The artist wrote to the Parish Paper of Friday, February 4, 1921
Sir—In reply to your request, I have pleasure in giving you the following brief outline of the work in the Lady Chapel.
In the main it has been sought to follow the effect of the schemes used in the Italian churches. The method of mural work frequently employed by the French is to paint upon canvas, and afterwards to fix the canvas on to the walls. This is a comparatively easy method for the artist. The effect of the Italian system, which it to work on to the walls themselves, is more satisfactory from the architectural point of view, though slower and more difficult of execution. After consultation with Sir Edwin Lutyens on all important points this is the method now being employed.
The more, one sees of your beautiful church the more one admires its splendid proportions and the genius of its architect. The lunette shapes lend themselves admirably to decoration; the domes present more definite but interesting difficulties. The upper parts of the Chapel have had to be replastered on account of cracks in the original coat of plaster, caused by the natural drying and settling of the building.
I am taking as a general scheme for the Lady Chapel " The Women of the Bible." With such a subject and with strictly limited space it is obvious that only a small selection of subjects can be made, so that it is impossible to include all the favourite subjects of the worshippers.
The Chapel naturally divides itself into two sections, with Ms two domes and two windows. It is possible, therefore, to divide the subjects into two groups — New Testament in the east section and the Old Testament in the west.
Over the altar there is placed the subject of Divine Motherhood, the Virgin and Child, the adoring Kings on the one side and the Shepherds on the other. The subject is decoratively treated—-i.e., no attempt at realism is intended, as, if this were so, it would be quite impossible, for instance, to represent the Kings and the Shepherds in the same scene. Underneath this are two small subjects, the Annunciation and the Visit to the Tomb.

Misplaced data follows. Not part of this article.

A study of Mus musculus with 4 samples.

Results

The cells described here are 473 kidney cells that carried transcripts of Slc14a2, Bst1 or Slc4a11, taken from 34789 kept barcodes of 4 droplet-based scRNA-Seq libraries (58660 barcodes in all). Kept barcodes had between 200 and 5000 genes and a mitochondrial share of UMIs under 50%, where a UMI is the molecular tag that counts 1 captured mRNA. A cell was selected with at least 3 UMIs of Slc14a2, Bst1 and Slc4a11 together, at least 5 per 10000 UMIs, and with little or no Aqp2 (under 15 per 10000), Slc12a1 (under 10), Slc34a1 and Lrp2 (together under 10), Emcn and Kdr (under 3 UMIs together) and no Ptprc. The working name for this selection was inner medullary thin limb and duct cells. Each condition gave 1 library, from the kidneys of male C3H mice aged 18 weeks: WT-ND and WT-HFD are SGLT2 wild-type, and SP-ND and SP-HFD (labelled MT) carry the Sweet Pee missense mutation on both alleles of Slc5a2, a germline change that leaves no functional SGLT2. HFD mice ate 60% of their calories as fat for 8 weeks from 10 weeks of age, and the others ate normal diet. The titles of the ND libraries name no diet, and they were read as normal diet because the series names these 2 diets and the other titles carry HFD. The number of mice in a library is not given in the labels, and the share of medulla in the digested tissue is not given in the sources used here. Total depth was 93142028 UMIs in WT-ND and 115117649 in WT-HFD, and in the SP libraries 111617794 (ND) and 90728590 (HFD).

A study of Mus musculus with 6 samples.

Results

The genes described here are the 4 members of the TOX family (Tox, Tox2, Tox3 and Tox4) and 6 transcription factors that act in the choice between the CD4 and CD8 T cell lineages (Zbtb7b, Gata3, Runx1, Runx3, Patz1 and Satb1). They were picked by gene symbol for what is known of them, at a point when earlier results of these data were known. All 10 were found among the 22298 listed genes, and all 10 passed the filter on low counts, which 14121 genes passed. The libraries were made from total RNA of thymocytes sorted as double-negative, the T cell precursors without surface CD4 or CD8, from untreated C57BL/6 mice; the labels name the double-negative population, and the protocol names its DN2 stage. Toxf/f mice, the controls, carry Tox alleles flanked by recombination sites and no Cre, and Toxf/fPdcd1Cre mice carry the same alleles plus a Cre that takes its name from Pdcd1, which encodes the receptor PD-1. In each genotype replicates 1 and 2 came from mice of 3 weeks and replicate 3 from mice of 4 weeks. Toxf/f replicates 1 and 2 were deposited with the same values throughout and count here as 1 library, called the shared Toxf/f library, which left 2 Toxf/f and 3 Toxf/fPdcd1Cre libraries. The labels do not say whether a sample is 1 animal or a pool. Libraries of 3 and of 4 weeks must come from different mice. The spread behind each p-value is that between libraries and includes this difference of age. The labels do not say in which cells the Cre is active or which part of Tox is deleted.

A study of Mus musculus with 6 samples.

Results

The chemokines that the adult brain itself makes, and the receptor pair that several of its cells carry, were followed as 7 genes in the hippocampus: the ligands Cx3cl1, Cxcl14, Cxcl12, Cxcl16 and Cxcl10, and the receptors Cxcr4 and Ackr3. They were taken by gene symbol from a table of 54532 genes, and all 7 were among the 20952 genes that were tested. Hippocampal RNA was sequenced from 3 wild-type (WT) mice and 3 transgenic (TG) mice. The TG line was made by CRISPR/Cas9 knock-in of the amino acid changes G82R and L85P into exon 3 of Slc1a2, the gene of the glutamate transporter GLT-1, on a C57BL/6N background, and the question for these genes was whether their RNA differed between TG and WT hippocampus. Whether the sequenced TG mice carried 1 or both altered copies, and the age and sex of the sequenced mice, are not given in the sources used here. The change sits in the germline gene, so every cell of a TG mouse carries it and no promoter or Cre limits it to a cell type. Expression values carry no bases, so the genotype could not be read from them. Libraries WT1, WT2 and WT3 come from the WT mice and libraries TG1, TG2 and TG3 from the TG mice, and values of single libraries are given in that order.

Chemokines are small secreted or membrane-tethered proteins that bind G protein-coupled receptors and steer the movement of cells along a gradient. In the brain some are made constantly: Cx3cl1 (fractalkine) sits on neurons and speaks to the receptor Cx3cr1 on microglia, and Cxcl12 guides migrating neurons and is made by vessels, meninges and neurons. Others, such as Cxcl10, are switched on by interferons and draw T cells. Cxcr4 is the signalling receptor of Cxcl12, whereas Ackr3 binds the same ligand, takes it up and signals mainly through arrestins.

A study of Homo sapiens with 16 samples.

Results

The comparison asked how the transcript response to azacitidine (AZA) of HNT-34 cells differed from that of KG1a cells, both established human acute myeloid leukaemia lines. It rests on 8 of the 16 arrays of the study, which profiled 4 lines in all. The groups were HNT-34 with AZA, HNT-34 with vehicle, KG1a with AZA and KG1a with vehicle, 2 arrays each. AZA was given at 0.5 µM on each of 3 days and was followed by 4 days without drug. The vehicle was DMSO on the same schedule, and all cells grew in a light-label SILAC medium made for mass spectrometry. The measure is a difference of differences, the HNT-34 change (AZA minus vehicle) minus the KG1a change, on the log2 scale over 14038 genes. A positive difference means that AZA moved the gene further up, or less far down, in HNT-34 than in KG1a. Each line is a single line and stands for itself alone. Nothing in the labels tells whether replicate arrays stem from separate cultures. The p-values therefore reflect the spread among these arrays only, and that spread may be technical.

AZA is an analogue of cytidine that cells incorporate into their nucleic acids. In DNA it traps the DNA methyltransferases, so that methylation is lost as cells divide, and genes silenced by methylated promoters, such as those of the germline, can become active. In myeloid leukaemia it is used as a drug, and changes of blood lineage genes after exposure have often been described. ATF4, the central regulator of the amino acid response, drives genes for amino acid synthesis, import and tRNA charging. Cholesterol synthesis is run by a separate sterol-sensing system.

The north wall is devoted to the Teaching of Christ as illustrated' in parables dealing with women—the Wise and Foolish Virgins, the Woman with the Lost Piece of Silver, &c, and the opposite south wall with the Practice as illustrated by women—Dorcas, the Widow's Mite, Anna, &c.
The domes are devoted to more angelic figures, symbolical of Praise and Adoration, as being suitable to the position above the eye-level, while the four pendentives (the triangular sections supporting the domes) carry one text which I have divided into four sections ' to suggest various forms of Ministry by Women— " I was an hungered, and ye gave Me meat;" " I was a stranger, and ye took Me in;" "Naked, and ye clothed Me; sick, and ye visited Me;" " In prison, and ye came unto Me."
The subjects in the west section represent characters from the Old Testament. Amongst these may be picked out those which show four phases of life— The Girl, the Woman, the Wife, the Mother—The Little Hebrew Maid, Sarah, Hannah, &c. Larger figures supporting the dome are leaders amongst women, such as Deborah, Esther and others.
The wall opposite to the door presents some difficulty, as it has the foundation-stone in the centre. It • has therefore been divided into panels. Round these I have put various subjects to indicate some of the gifts which woman has it in her power to bestow—the Gift in Kind, the Gift of Labour, the Gift of Service, the Gift of Devotion and Sacrifice—as it is such as these that help to build the Church, and I suggest the suitability of these round the foundation-stone.
The treatment of all subjects is suggestive rather than dogmatic. No attempt is made at academic portraiture or absolute realism. Each design is intended to be a little piece of one large whole, so that its scheme of colour is subservient to and arranged with a view to the effect on the whole Chapel; each is meant to be part of a solid wall rather than a scene hung up. My wish would be that the worshipper feels—not that he is in a picture-gallery—but in the House of God.
Walter P. Starmer.
The Studio, 14a, Chalcot-gardens, N.W.3.